SANTA FE – The New Mexico congressional delegation has introduced new legislation to bump up federal funding for the planned landmark settlement of the decades-old Aamodt litigation that sorts out water rights among four Native American pueblos and non-Indians in northern Santa Fe County.

A news release from the U.S. senators and House members said the measure is intended to ensure that the federal Bureau of Reclamation has sufficient funding and time to implement its obligations under the 2010 Aamodt Litigation Settlement Act, which was intended to bring that litigation that started in 1966 to a close.

A detailed description of the legislation was not available from the members of Congress Friday, as the a news release issued late in the day only had quotes from various public officials celebrating the bill without including any specifics about what the bill would actually do.

A new regional water system, with costs shared by the feds, state government and Santa Fe County, has always been a crucial part of the settlement, which quantifies water rights for Nambé, Pojoaque, Tesuque and San Ildefonso pueblos and sets out rules for non-Indian well users to either tie onto the new system or continue to use their well water.

U.S. Sen. Tom Udall’s office provided some information about the measure Friday evening, saying it is the final step to complete the regional water system. Federal funding could go up by $150 million, from $106 million to as much as $256 million. The bill also allows more time for construction.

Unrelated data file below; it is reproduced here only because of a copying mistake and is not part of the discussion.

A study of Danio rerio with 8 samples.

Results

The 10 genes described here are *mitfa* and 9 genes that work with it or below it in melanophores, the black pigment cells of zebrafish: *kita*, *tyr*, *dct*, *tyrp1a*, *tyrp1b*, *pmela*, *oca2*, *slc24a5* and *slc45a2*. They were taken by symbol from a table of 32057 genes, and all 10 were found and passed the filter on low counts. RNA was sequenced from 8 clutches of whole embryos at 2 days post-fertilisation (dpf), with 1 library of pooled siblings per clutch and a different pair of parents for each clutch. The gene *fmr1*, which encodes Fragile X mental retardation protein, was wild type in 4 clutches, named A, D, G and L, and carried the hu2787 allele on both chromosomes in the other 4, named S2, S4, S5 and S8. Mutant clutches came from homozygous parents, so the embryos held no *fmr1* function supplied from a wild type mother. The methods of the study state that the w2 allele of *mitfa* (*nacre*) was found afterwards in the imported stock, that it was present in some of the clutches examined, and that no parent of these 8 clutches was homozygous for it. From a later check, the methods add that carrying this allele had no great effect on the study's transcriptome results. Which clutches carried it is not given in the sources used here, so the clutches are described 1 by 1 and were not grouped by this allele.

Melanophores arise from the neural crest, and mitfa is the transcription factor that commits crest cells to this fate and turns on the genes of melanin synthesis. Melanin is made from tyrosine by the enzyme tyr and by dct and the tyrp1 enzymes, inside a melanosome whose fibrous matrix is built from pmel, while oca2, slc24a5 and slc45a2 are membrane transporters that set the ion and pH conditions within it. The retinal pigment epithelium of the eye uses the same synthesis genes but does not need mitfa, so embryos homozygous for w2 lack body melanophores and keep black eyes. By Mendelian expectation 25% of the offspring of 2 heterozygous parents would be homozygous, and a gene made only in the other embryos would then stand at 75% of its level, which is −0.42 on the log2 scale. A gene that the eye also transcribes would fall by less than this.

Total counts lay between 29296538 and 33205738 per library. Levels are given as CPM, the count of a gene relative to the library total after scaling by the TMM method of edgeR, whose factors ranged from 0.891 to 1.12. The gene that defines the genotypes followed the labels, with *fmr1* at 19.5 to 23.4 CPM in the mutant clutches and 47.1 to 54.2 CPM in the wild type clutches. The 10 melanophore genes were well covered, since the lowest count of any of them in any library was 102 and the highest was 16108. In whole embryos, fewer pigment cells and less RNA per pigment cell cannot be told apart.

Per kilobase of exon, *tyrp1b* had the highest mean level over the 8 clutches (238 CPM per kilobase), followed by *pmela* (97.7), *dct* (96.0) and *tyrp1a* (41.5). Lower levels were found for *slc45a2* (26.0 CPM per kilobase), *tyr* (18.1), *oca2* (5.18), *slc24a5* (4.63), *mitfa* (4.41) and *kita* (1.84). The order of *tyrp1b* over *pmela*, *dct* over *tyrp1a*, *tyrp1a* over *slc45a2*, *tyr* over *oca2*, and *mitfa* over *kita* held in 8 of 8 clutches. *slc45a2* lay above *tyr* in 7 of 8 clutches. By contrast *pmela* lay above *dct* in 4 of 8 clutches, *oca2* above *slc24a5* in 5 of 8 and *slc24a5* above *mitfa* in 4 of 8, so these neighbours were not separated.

The wording of the bill available on-line appears to push back a deadline from 2024 to 2028.

“Without an agreement to increase the federal cost share for the System, the Bureau of Reclamation would not commence construction of the System and the settlement in a timely manner, likely increasing the costs,’ said the information from Udall’s staff.

The U.S. and the settlement parties have reached an agreement in principle “that will allow the four Pueblos to realize their bargained-for benefit, prevent potential water calls, bring to an end over 5 decades of litigation, and provide certainty to the Pojoaque Basin,” said the statement from Udall’s office.

In a statement in the news release, the congressional delegation said: “Access to water in New Mexico is rooted in hundreds of years of traditions, cultures, and heritage. We commend the Settlement Parties on their efforts to find a path forward to ensure we bring an end to over a half-century of litigation to resolve water rights in the Rio Pojoaque Basin and provide certainty and predictability to all water users in the Basin, and we expect robust community outreach and transparency moving forward. This bill will help bring us closer to providing a clear path to construct a Pojoaque Regional Water System that will provide the security of clean, reliable water supplies in the Basin.”